When Dallas-based designer Katie Sarokhanian decided to renovate her kitchen, replacing the ugly ’80s appliances didn’t sit well with her. “It’s so hard for me to get rid of something that works well,” she says. The fact that the white double oven and scratched-up stainless steel refrigerator (a $200 Craigslist score) “hurt her eyes” wasn’t a good enough reason to splurge on something up to date. (A new matte black refrigerator would have cost $3,000). So Sarokhanian took matters into her own hands and gave the appliances chic facelifts for a total of $235.
The genius lies in the designer’s material choices: She swathed the double oven in vinyl car wrap (renters, take note) and painted the refrigerator. As for the hardware, she shopped the bathroom aisle for those chunky brass details. Here, she walks us through the clever cover-ups.
The Painted Refrigerator
After a year and a half of living with the painted fridge and five kids constantly bumping up against it, Sarokhanian says it’s held up super-well. After a year and a half of living with it and five kids constantly bumping up against it, she says it’s held up super-well. The secret? Self-etching primer, a type of coating usually used for automobile parts. After lightly sanding the metal surface with a hand-block, she sprayed the stuff on.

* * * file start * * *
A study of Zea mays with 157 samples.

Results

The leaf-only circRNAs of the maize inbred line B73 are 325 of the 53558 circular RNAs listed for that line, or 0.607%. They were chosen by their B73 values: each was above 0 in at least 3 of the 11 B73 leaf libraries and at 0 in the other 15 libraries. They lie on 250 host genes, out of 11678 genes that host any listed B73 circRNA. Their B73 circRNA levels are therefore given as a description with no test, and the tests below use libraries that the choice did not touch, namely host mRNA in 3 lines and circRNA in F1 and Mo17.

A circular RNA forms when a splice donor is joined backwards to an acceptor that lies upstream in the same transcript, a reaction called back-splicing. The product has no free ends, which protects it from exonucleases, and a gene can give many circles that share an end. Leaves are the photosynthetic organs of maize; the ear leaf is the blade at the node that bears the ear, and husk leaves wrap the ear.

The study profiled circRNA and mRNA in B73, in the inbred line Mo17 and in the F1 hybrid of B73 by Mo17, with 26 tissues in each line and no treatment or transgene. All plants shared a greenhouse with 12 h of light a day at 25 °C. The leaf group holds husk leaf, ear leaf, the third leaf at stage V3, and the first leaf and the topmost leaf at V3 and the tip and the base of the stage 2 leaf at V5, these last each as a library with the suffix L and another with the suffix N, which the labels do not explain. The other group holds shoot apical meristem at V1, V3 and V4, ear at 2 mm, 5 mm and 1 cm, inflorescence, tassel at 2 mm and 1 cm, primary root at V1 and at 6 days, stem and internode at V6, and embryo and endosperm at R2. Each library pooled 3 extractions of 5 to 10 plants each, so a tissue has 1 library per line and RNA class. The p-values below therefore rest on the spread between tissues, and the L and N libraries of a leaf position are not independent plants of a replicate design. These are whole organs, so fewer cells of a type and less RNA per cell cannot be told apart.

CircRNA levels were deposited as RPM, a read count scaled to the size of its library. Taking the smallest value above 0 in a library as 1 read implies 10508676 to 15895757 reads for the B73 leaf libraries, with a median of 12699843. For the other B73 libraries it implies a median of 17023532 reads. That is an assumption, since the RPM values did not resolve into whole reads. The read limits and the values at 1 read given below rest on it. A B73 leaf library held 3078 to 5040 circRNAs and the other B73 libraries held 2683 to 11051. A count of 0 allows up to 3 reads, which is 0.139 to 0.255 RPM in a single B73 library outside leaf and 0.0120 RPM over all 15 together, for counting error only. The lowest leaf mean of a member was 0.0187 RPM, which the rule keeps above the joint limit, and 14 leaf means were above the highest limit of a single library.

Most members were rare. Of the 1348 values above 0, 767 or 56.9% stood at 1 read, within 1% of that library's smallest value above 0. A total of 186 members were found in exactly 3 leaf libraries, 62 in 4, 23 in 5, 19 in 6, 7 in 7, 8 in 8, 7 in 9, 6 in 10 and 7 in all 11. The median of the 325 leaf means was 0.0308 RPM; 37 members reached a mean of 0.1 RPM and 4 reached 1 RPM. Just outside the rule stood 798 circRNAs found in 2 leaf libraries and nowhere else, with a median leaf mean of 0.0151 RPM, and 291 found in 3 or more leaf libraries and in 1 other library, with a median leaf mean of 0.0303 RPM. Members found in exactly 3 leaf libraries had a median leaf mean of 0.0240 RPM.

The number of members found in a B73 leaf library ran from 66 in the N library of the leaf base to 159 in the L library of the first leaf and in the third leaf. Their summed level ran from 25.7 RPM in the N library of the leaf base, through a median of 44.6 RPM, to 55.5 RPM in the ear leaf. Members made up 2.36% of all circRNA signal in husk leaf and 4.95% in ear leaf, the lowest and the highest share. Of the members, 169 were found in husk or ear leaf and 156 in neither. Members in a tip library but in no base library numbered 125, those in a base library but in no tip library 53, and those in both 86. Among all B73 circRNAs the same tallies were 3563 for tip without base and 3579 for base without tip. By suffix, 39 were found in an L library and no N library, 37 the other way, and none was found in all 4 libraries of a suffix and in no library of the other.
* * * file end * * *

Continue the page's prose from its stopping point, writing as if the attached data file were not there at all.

Next up: five coats of Sherwin-Williams Emerald latex paint in a matte finish in Tricorn Black, which she applied with a small foam roller. Then she screwed in three brass towel racks for the handles. “You can buy new refrigerator hardware, but it costs about $200 each,” says the designer. “That defeated the whole purpose of doing a cheap makeover.” The bars had the same 24-inch hole-to-hole ratio as the old ones, so they just screwed right in. “The reason the black worked so well is that the little rubber seals on the doors are black too,” she says. “It gave it a custom look, as if it was always supposed to be that way.”
The Vinyl-Wrapped Oven
Sarokhanian originally considered painting the oven as well, but she was worried about the surface getting hot. Plus, she had the opaque glass panel to consider. Eventually, she stumbled across cling vinyl wrap (the kind of stuff you’d use to put a business logo on a vehicle). Step one: Unscrewing the oven doors. “This was the challenging part,” she says. “It took me a good 20 minutes to figure out where the old hidden screws were.” Then, she cut the vinyl to size with a straight-edge knife and smoothed out any air bubbles with a credit card. (She decided not to cut out a hole where the glass window is, but notes anyone could easily go the extra mile.) “Having the solid black door gave it a more streamlined look and it didn’t take anything away from the oven’s utility,” she says.
Rather than cover up the existing handles with the wrap, too, Sarokhanian swapped them out for $18 brass grab bars (traditionally seen in ADA-compliant bathtubs and showers). She also sought out ones that had the same hole dimensions, so there was no drilling involved. Lastly, she painted the trim around the oven white so it had clean lines. “Even if this old oven stops working in the near future, the new look is completely worth the trouble and cost,” she says. You’d never know the whole thing was just smoke and mirrors.